A snapshot of the mood out there among the older and the whiter crowd, as the race for the Republican Congressional nomination intensifies:
On a night when the U.S. Constitution was king, the Second Amendment was praised, and abortion and the separation of church and state were scorned, candidate Dave Daubenmire of Newark threw the most fireballs and received the loudest applause.
Best known because of a bitter battle with London High School officials over his religious activities while teaching and coaching football, Daubenmire said he didn't want to "just go occupy Zack Space's seat. I want to lead a revolution." "I don't know about you, but I want my country back," he said.
From all I can see, the Tea Party movement is not simply about the size and scope of government. If it were, it could be a useful force in our politics, if it only spelled out honestly how to balance the budget without raising taxes. (Even Rand Paul won't be drawn on specifics.) It is a movement about identity politics, in which the US Constitution is an emblem of a certain demographic, and that demographic is as much about the Christianist right as it is about fiscal responsibility. Gingrich hit the two pillars of what they hate: "secularism" and "socialism."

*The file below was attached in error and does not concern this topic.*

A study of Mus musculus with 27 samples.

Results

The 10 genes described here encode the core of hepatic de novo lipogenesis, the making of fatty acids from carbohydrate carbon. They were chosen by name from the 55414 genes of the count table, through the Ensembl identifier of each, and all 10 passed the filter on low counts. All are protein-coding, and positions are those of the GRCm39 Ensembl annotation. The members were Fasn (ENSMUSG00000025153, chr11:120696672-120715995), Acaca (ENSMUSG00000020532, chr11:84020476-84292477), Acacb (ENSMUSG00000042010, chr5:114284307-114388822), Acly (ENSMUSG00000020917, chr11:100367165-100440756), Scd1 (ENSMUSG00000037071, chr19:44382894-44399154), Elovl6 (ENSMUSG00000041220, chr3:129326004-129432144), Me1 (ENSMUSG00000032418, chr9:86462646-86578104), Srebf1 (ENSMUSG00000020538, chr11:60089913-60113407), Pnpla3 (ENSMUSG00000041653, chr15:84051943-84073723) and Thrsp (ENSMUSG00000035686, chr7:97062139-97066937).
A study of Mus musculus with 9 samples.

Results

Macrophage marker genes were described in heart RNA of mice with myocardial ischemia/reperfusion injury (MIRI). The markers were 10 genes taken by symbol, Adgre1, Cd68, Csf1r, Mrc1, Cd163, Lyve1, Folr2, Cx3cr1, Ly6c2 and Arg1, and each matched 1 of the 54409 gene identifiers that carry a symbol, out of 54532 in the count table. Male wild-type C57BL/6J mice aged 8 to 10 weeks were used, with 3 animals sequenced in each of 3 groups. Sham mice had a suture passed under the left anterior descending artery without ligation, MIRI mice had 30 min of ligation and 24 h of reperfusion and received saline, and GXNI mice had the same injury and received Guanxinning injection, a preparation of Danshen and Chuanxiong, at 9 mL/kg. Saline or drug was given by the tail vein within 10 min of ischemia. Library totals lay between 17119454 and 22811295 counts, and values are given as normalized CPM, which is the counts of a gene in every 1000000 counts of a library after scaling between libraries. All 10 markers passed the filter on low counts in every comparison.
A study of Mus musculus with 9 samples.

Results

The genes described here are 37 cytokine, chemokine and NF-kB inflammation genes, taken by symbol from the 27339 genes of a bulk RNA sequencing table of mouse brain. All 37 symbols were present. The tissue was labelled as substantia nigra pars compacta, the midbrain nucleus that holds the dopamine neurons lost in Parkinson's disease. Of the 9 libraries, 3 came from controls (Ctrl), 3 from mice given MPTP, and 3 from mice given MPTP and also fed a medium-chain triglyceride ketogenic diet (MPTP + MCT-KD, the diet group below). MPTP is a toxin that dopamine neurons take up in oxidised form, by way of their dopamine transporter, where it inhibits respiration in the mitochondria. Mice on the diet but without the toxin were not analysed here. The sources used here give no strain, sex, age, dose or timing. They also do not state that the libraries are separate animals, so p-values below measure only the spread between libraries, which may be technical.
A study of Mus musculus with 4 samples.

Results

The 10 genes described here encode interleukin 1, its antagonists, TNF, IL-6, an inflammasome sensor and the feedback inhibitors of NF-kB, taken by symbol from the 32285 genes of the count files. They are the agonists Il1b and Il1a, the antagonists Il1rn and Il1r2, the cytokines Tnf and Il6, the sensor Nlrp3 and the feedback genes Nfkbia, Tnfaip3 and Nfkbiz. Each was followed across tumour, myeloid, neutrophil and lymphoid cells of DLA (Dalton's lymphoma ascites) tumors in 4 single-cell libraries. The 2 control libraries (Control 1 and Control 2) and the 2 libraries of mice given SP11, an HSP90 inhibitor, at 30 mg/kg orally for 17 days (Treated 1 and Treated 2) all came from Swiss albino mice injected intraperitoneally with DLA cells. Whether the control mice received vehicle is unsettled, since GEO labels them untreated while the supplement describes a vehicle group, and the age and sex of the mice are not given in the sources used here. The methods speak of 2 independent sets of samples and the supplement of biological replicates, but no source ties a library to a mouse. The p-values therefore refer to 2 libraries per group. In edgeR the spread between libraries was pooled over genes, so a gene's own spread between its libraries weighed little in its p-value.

Secularism isn't atheism; it is the principle that religious disputes and political disputes should be regarded in separate categories, for fear of unresolvable sectarian conflict (i.e. culture war). Anti-"socialism" means ... well I'm not sure what exactly. Abolition of social security? Medicare? More tax cuts? I wish I knew.
I don't think it has any real traction or coherence apart from a cultural revulsion against modernity, a majority-minority country, separation of church and state, and an abstract loathing and suspicion of anything to do with government. When they offer us some concrete proposals or policy options, I guess we can make a judgment as to the impact on the GOP. But right now, it feels like a primal. and somewhet elderly, scream.